S&P Global Ratings (S&P) recently upgraded its credit rating on Security Bank to investment grade rating of BBB- (Stable outlook) from BB+ (Positive outlook). In its May 2018 report released in Singapore, S&P stated that its rating action on Security Bank followed its review of the Philippine banking sector which concluded that the credit risk facing Philippine banks has reduced with the establishment of credit bureaus and banks’ improving underwriting practices in the consumer loans segment.
S&P revised its Banking Industry Country Risk Assessment on the Philippines to group ‘6’ from group ‘7’ due to the sector’s improved credit fundamentals. S&P cited the positive role of the Credit Information Corp., a centralized credit registry, which has been collecting data on the credit history of borrowers. Participating financial institutions have access to this database and accredited credit bureaus will be able to dispense credit scores and reports. S&P believes that this will strengthen the underwriting standards in consumer lending and, over the long-term, better transparency should lower consumer non-performing loans closer to the overall banking system NPLs.
As a result, S&P upgraded its rating on Security Bank to BBB- (Stable outlook) because it expects the reduced credit risk in the Philippines to strengthen Security Bank’s capital position and provide a solid buffer against potential losses. The Stable outlook on Security Bank reflects S&P’s view that Security Bank will maintain its strong capital buffers and good asset quality over the next two years. S&P expects Security Bank’s risk-adjusted capital ratio to remain strong at 11%-12% over the next two years. S&P’s formula for risk-adjusted capital ratio is more stringent than the Basel III formula used in the Philippines.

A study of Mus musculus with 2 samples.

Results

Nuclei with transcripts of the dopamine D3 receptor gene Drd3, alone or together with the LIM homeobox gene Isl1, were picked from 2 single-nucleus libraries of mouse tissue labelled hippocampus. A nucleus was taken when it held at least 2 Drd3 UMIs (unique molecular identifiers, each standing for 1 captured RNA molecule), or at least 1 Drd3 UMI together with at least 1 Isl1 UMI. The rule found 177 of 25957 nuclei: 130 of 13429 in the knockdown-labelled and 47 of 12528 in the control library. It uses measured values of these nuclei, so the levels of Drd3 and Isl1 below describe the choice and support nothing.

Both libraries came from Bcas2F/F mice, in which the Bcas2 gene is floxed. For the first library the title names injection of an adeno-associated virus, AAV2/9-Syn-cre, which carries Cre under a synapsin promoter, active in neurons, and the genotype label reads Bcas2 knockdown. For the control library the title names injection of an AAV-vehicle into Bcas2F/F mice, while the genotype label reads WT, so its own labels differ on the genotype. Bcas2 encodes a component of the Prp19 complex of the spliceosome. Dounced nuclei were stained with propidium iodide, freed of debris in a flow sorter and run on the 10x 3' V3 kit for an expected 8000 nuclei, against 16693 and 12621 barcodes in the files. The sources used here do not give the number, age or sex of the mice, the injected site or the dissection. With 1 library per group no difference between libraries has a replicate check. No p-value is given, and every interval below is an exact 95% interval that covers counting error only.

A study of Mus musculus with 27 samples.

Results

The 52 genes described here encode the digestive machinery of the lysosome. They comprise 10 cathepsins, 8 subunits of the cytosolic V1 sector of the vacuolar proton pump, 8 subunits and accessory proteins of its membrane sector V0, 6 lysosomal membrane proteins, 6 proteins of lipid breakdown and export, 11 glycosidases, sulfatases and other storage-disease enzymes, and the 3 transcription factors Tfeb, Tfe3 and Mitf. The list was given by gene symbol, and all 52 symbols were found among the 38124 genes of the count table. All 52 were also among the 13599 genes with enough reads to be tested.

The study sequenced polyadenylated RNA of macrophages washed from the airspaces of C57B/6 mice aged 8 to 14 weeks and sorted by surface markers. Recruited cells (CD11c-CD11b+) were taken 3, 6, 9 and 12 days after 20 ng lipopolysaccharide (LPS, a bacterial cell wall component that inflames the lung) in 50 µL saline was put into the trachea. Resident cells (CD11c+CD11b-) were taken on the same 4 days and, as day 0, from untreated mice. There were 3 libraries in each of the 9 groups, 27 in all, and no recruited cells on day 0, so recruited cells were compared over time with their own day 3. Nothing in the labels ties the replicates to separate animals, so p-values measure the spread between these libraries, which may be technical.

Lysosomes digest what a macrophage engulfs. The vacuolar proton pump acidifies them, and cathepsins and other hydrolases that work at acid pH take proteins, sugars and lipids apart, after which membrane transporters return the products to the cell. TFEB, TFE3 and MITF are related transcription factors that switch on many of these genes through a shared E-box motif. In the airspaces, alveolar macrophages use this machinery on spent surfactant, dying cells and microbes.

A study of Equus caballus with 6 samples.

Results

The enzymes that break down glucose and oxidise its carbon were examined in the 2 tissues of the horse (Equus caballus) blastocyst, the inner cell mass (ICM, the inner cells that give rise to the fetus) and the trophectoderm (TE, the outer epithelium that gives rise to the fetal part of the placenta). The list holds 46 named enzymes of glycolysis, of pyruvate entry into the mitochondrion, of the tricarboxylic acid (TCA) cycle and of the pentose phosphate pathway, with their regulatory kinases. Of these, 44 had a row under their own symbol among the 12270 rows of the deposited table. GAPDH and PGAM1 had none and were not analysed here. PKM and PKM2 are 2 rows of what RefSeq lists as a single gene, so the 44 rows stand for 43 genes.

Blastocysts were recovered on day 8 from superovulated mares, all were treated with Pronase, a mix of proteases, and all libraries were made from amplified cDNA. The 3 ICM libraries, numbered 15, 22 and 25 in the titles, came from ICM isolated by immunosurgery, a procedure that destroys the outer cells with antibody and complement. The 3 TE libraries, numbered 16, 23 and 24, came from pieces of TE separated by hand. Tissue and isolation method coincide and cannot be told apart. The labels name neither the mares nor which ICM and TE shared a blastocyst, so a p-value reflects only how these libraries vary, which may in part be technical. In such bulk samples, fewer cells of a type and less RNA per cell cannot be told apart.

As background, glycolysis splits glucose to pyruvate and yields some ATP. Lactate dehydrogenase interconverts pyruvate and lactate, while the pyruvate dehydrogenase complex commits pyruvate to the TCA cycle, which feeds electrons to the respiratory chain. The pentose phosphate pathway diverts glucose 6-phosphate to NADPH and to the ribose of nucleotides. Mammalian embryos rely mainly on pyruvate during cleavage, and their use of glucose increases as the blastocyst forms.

S&P’s review of the Philippine banking sector and subsequent rating upgrade of Security Bank followed S&P’s earlier action last April of raising the outlook for the Philippines’ sovereign credit rating to Positive from Stable and affirming the sovereign credit rating at BBB. This move raised the possibility of a rating upgrade for the country on the back of solid economic growth, healthy external position, and improvements in policy-making.